The House's legislative agenda this week will include discussing amendments to three laws on ship safety, illegal migration and commercial brokerage businesses.
On Sunday, the House will open a debate on the amendments to a law regulating the safety of sea ships and vessels (Law 232/1989).
A report prepared by the House's Transport Committee said the amendments aim to make it obligatory for owners of Egyptian ships, vessels and maritime transport units to report commercial handling of their assets (selling or renting) to concerned agencies.
"In other words, it will be mandatory for owners to tell concerned authorities whether they sold or rented their ships, vessels or any maritime transport units and that violators of this new legislative amendment will face tough penalties," said the report, indicating that "the objective of this amendment is helping concerned authorities closely follow the commercial handling of ships, vessels and maritime transport units, build a good database on these operations, and closely supervise the performance of owners to prevent the use of vessels, ships or any maritime transport units in any illegal operations."
Also on the House's schedule of debate on Sunday are amendments to the law regulating the business of commercial agencies and brokerage (Law 120/1982).
A report by the House's Economic Affairs Committee said the amendments aim to cope with the ongoing expansion in the field of commercial agencies and commercial and real estate brokerage works.
"The amendments seek to introduce new rules and objective procedures necessary to regulate the new developments in this sector in detail and in a way that will impose stricter control, particularly on the business of real estate brokerage works, and also stand up to money laundering operations in this respect," said the report, also explaining that "right now there is a lot of chaos and indiscipline on the Egyptian real estate market, and that the new legislative amendments come to tackle this."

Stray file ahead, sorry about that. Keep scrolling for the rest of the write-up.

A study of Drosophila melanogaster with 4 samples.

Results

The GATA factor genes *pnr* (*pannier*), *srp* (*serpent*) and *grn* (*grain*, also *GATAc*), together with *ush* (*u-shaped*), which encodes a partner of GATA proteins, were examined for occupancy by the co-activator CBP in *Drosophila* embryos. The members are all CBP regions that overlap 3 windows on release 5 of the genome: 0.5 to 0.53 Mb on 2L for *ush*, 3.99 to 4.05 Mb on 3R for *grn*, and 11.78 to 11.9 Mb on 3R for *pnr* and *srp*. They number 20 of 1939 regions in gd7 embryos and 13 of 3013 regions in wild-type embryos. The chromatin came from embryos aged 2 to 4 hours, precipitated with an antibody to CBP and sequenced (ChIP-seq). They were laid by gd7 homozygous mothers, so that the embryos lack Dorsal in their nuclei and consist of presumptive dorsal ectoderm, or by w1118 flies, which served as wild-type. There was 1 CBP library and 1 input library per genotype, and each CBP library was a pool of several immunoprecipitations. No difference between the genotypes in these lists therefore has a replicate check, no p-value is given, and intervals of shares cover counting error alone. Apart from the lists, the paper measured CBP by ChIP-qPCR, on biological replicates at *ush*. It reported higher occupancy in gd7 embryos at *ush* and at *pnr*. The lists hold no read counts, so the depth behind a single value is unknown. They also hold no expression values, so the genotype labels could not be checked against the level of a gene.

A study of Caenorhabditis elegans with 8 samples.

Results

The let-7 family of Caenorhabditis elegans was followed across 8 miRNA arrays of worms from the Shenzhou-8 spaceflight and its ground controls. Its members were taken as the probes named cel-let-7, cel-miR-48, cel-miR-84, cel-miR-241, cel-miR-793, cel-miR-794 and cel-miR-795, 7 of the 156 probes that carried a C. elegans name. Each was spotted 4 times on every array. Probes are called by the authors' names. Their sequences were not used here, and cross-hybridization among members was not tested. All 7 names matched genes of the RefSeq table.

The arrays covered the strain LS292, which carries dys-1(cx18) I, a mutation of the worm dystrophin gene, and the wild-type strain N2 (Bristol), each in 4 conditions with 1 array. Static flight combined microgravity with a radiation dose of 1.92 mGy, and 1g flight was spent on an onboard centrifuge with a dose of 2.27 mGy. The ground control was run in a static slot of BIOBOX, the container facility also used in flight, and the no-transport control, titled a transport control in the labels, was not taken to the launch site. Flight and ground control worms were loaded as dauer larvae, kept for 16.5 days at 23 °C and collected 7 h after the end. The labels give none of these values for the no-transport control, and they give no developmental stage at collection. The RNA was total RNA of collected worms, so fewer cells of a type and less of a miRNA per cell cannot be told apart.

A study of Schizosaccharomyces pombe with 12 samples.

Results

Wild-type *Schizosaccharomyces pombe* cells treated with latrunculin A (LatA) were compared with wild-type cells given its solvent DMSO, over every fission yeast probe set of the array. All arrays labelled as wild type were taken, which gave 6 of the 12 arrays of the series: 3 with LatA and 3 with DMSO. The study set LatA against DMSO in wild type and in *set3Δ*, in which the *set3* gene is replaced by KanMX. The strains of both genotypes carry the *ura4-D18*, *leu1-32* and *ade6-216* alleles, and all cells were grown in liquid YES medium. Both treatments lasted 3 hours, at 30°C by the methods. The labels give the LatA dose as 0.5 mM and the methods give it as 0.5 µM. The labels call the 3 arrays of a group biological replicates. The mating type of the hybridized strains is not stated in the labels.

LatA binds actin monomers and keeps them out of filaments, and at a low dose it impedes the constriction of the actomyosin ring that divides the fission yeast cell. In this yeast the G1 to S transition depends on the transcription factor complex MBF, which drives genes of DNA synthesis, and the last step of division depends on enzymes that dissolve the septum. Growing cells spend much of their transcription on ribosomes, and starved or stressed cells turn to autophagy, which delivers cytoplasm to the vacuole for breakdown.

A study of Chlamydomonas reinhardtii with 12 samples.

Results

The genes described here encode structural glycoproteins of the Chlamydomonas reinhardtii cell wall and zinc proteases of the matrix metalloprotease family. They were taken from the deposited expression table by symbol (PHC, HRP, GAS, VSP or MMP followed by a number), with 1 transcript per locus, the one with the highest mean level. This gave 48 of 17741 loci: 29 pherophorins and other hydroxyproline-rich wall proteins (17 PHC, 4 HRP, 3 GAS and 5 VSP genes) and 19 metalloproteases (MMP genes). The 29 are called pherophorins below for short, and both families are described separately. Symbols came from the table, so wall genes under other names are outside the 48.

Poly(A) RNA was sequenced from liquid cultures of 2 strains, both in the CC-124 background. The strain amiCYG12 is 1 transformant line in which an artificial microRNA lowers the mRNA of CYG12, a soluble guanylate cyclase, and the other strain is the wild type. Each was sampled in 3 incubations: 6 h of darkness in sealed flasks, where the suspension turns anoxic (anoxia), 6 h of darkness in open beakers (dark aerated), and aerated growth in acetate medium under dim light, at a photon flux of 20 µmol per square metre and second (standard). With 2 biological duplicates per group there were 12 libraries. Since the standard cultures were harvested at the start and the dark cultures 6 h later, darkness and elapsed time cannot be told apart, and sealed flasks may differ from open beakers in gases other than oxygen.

To meet the above objectives, the report indicated that the amendments would set up a registry for licensed brokers and regulate their fees, require brokerages to register their businesses electronically, and set rules for the activities they carry out and for the fees they charge, and how these fees are collected to prevent any money laundering operations in line with the law in this respect.
On Tuesday, the House is scheduled to discuss new amendments to the law on illegal migration and the smuggling of migrants (Law 82/2016).
A report prepared by the House's Legislative and Constitutional Affairs Committee said the amendments will impose tougher penalties on illegal migration crimes.
"Egypt is committed to fighting the phenomenon of illegal migration in terms of toughening penalties and raising public awareness of the dangers of this crime," said the report, adding that "in this respect, a national coordination committee was set up to draft an integrated strategy reflecting the state's vision and future measures against illegal migration to go in line with the state's plan for sustainable development (2020-2030)."
The House's schedule this week also includes a discussion of three foreign agreements, the first of which is between Egypt and Burundi on exemption of holders of diplomatic passports in the two countries from entry visas.
The second is an agreement between the Ministry of International Cooperation and the Swedish International Fund, by which Sweden will grant five million krone to Egypt to spend on modernizing the country's urban transport and highway buses.
The third agreement is on Egypt's EGP three million contributions to the International Fund on Agricultural Development (IFAD).